Why 50 children and their families are playing outside Shell's HQ

Posted by Fran G — 29 July 2014 at 9:41am - Comments
Children with a LEGO blocks spelling Arctic
All rights reserved. Credit: Greenpeace
These kids are really concerned about climate change

Today, 50 children are playfully protesting about LEGO's partnership with Shell outside the oil giant's HQ in London by building their favourite Arctic animals out of oversized LEGO bricks. It’s an unusual but hopefully creative and exciting way of facilitating peaceful protest, which might need a little extra explanation.

The kids who are involved and their families are concerned about the world children will inherit. They want to show Shell's bosses inside the building that they love the Arctic, and they don't want Shell to destroy it. They're also telling LEGO to cut its ties with Shell and they want them to know that Shell is a bad playmate. 

Why are kids leading this protest?
Climate change is an enormous threat facing everyone, and especially children. Yet LEGO, the world’s biggest toy company, is endorsing Shell, one of the biggest climate polluters on the planet. Shell is trying to drill for oil in the Arctic and if it’s successful, a devastating oil spill would be all but inevitable. And the only reason Shell can even drill there is because the warming climate is melting the ice. Children have a right to be heard, because it’s their future at stake. Last year UNICEF carried out a study that showed three in four 11 – 16 year olds in the UK are worried about how climate change will affect their future and want more done to tackle it.

What is the protest?
The protest is designed as a game being run by experienced teachers and youth and drama workers. Children get involved in a series of activities where they are the heroes saving the Arctic and rescuing LEGO from Shell. By taking part in the game they win LEGO bricks so they can build an Arctic animal to show Shell they love the Arctic. These kids also know their mission to save the Arctic can only succeed if they convince more people to join and support the campaign.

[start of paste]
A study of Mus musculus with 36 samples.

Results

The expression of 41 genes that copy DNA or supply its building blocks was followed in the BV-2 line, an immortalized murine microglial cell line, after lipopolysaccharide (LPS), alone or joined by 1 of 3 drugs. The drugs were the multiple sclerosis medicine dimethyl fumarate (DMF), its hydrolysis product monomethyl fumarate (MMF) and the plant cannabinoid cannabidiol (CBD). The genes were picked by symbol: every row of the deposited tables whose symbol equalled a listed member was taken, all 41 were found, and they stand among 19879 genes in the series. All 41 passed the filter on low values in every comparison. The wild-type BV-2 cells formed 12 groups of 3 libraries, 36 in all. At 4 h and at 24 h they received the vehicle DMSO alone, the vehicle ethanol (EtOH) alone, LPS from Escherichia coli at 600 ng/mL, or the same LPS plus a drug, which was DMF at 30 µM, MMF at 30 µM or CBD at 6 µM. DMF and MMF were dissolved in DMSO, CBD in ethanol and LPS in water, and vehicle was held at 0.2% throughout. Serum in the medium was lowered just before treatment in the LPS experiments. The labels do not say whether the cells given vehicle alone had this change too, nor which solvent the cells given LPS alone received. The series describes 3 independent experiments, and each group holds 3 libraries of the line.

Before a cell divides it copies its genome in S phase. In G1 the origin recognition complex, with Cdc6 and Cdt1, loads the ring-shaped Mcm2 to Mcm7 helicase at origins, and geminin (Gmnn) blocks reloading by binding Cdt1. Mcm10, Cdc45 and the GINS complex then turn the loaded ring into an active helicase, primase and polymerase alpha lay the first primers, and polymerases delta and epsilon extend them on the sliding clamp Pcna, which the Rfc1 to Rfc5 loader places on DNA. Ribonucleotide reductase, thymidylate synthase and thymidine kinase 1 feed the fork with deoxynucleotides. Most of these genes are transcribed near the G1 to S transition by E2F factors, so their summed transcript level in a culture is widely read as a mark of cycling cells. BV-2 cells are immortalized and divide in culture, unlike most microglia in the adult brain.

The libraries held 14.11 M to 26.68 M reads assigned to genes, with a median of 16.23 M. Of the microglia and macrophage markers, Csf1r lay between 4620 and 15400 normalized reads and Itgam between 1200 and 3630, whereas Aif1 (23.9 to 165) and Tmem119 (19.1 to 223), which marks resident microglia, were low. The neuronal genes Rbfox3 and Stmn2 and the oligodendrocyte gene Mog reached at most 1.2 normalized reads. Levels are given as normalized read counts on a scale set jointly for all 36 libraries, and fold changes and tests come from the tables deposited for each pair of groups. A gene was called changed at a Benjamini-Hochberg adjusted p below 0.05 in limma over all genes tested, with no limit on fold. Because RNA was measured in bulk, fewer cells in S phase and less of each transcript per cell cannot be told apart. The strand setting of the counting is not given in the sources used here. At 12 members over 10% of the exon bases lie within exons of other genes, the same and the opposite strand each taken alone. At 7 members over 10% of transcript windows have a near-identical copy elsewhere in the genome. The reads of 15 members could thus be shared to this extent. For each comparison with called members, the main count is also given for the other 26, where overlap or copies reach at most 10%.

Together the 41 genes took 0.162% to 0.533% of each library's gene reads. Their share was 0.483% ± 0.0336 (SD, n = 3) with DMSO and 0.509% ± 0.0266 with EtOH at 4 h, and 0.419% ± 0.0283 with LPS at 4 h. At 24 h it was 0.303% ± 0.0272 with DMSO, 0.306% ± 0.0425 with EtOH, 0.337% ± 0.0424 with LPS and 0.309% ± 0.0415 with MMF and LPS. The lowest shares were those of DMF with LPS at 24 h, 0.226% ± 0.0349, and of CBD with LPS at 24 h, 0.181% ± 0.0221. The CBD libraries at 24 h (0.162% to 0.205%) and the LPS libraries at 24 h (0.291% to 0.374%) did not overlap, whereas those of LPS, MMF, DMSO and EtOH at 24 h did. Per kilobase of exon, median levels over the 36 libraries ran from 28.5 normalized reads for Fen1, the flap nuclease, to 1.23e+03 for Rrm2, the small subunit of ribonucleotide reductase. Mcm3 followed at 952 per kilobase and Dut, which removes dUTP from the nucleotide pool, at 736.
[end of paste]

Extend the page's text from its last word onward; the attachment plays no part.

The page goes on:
Where do these kids come from and how did they get involved?
There is a network of Greenpeace volunteers across the UK and many of the children come from families who regularly get involved in campaigns. We approached parents from the network, explained the plan and the way the protest would work on the day. These parents asked their children if they wanted to be involved and they said yes. These children care deeply about environmental issues and sometimes help their parents raise awareness. All the kids are of course accompanied by parents and guardians.

What are the giant LEGO bricks made from?
The LEGO bricks were made from reinforced cardboard. Depending on their durability after the protest they will be recycled or given to a local school and used to help teach children about climate change.

Are the kids in danger by playing in a road?
The street has been secured by experienced volunteers before the children arrived to play in the space. It is based on the 'play street' model and we’ve gone above and beyond the strict safety regulations that councils use when they close roads to create children’s play streets.